Driving position, visibility, build quality
SUVs are about riding high. To you, that could be the pleasure of staring wistfully over car rooftops at the horizon; to others it’s the one-upmanship of ‘mine’s bigger than yours’. Either way, you’ll love the XC40, because it’s by far the tallest. From the Formentor’s driver’s seat, you’ll be looking hatchback drivers squarely in the eye, and the X1 isn’t much better.
On the subject of elevation, our testers are a mixed bag, ranging from 5ft 3in up to 6ft 3in, so you could say we represent a good swathe of the population. The shortest pointed out that the Formentor’s driver’s seat dug slightly into the undersides of his thighs, and another, who’s much taller and longer in the body, mentioned he couldn’t quite see the dials unless the steering wheel was set unnaturally high (they all come with wheel height and reach adjustment, by the way). But the Formentor is the only one with a standard electrically adjustable driver’s seat, and all agreed that it offers the best shoulder support.
Never mind electric adjustment; the X1 doesn’t even come with adjustable lumbar support, and it’s the only one of the trio not to (it’s a £230 option). In addition, its pedals are offset noticeably to the right. On the other hand, it provides the most steering wheel reach extension, so even our tallest tester could have the steering wheel where he wanted it.
No one had any major complaints about the XC40’s basic driving position. In addition to the adjustable lumbar support, you get an extendable seat squab (which the X1 has too), and its seat was universally acclaimed as the most comfortable on a long journey. The cons? The seat has the least side support when cornering, but that’s a minor gripe.
The XC40 and Formentor come with digital instrument dials as standard; these place information such as the sat-nav map directly in front of you. In the Formentor, you can also pick from a number of virtual instrument styles, but, annoyingly, it returns to the default if you bring up the driver assistance menu. And that’s not an unusual requirement; it’s how you swap from the cruise control to the speed limiter function, for example. The cruise control/ limiter also resets without you asking every time you switch the ignition off, so the Formentor is definitely a bit of a control freak.
If the X1’s analogue dials seem a tad archaic, they’re also the epitome of clarity. We can’t fault its simple dashboard controls, either. They’re all ‘proper’ buttons, while most of the XC40’s features are controlled via its touchscreen.
Still, that’s better than the Formentor, which has some of the air-con controls on the touchscreen, plus touch-sensitive sliders to change the interior temperature. They’re hard to use generally but even more so at night, because they aren’t illuminated. Can you help us identify just one advantage of having them? Answers on a postcard, please.
The Formentor is also the hardest to see out the back of. Its coupé-like rump is a greater visual restriction compared with the X1’s squarer rear, and even the XC40’s swept-up rear window line isn’t as inhibiting (although it still blocks your rearward view quite badly).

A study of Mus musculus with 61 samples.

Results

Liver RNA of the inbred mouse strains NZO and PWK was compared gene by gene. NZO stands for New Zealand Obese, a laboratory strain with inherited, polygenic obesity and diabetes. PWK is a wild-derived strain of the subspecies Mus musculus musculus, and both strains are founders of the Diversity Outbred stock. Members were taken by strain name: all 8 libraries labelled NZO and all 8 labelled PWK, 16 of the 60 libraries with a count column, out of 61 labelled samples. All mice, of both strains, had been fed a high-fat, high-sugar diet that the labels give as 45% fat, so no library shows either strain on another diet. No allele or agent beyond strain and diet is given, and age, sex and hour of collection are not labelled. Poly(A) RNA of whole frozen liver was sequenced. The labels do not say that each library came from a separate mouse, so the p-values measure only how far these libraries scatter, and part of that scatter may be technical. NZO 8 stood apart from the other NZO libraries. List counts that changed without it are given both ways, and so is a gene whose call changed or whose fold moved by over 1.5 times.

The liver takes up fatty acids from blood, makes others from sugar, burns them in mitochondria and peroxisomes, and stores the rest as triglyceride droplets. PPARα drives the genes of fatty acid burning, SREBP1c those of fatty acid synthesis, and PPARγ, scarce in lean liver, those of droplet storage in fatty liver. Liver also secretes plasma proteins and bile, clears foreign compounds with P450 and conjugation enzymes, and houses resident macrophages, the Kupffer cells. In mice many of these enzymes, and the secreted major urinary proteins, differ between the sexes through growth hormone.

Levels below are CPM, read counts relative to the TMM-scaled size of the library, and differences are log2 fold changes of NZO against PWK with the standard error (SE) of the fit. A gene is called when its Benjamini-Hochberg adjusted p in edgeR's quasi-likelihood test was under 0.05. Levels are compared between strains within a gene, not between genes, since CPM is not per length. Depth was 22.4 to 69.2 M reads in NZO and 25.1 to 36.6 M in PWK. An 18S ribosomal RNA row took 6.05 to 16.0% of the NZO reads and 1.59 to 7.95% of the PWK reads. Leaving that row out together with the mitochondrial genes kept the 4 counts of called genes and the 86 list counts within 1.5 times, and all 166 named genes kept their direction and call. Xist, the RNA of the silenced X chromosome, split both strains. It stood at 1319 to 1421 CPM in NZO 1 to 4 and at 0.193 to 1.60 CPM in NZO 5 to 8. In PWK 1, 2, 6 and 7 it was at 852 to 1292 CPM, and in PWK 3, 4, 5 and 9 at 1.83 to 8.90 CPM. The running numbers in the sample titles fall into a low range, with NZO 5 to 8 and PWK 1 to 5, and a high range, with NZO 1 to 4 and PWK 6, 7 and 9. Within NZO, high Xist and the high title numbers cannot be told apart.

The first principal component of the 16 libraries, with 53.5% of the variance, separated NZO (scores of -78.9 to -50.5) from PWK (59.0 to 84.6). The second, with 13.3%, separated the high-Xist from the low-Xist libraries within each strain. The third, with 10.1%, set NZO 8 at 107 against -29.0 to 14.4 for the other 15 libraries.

That said, the Formentor is the only one here with a standard rear-view camera, although all three get rear parking sensors. The X1 and Formentor also have front parking sensors as standard, but all three cars are fine for forward visibility; each has relatively thin windscreen pillars and it’s possible to judge where their bonnets end from the driver’s seat. All three have LED headlights, too.
The XC40 may be the cheapest car here, but it doesn’t feel it. It has the nicest mixture of interior materials and they’re all fixed down sturdily. The X1 is very good, too, with smart metal trims that add a touch of class to go with its high standard of fit and finish.
The Formentor is decent, but sprayed plastic heater vents that flex slightly and the hard plastics of its centre console are a comparative letdown.
You get an enormous (12.0in) touchscreen that’s well sited on the dashboard. There’s a lot going on visually, so getting the hang of the operating system takes a bit of time. Once you’ve learned your way around, though, it’s relatively easy to use, helped by a row of handy shortcut buttons along the bottom of the screen, the (mostly) large icons and its generally quick responses. As in the X1, the standard stereo is bright and detailed enough to satisfy most ears.
Volvo’s 9.0in, portrait-orientated touchscreen may look like an Apple iPad, but don’t be fooled, because it’s nowhere near as slick. It can lag as you swipe between screens, and it’ll do the same from time to time when you press an icon. It also takes the longest to build detailed pages, such as sat-nav maps. It’s not immune from crashing, either (although neither is the Formentor’s system). The stereo isn’t as detailed as its rivals’, but it does have the warmest bass.
The X1 has the best infotainment system, even without shelling out £1250 for the Technology Pack II that brings this upgraded 10.3in touchscreen (as standard it’s 8.8in). That’s because as well as being controlled via Amazon Echo voice control or the touchscreen, you can use the dial between the front seats – the least distracting method for the driver. The system is easy to master and responsive, but you can’t get Android Auto phone mirroring.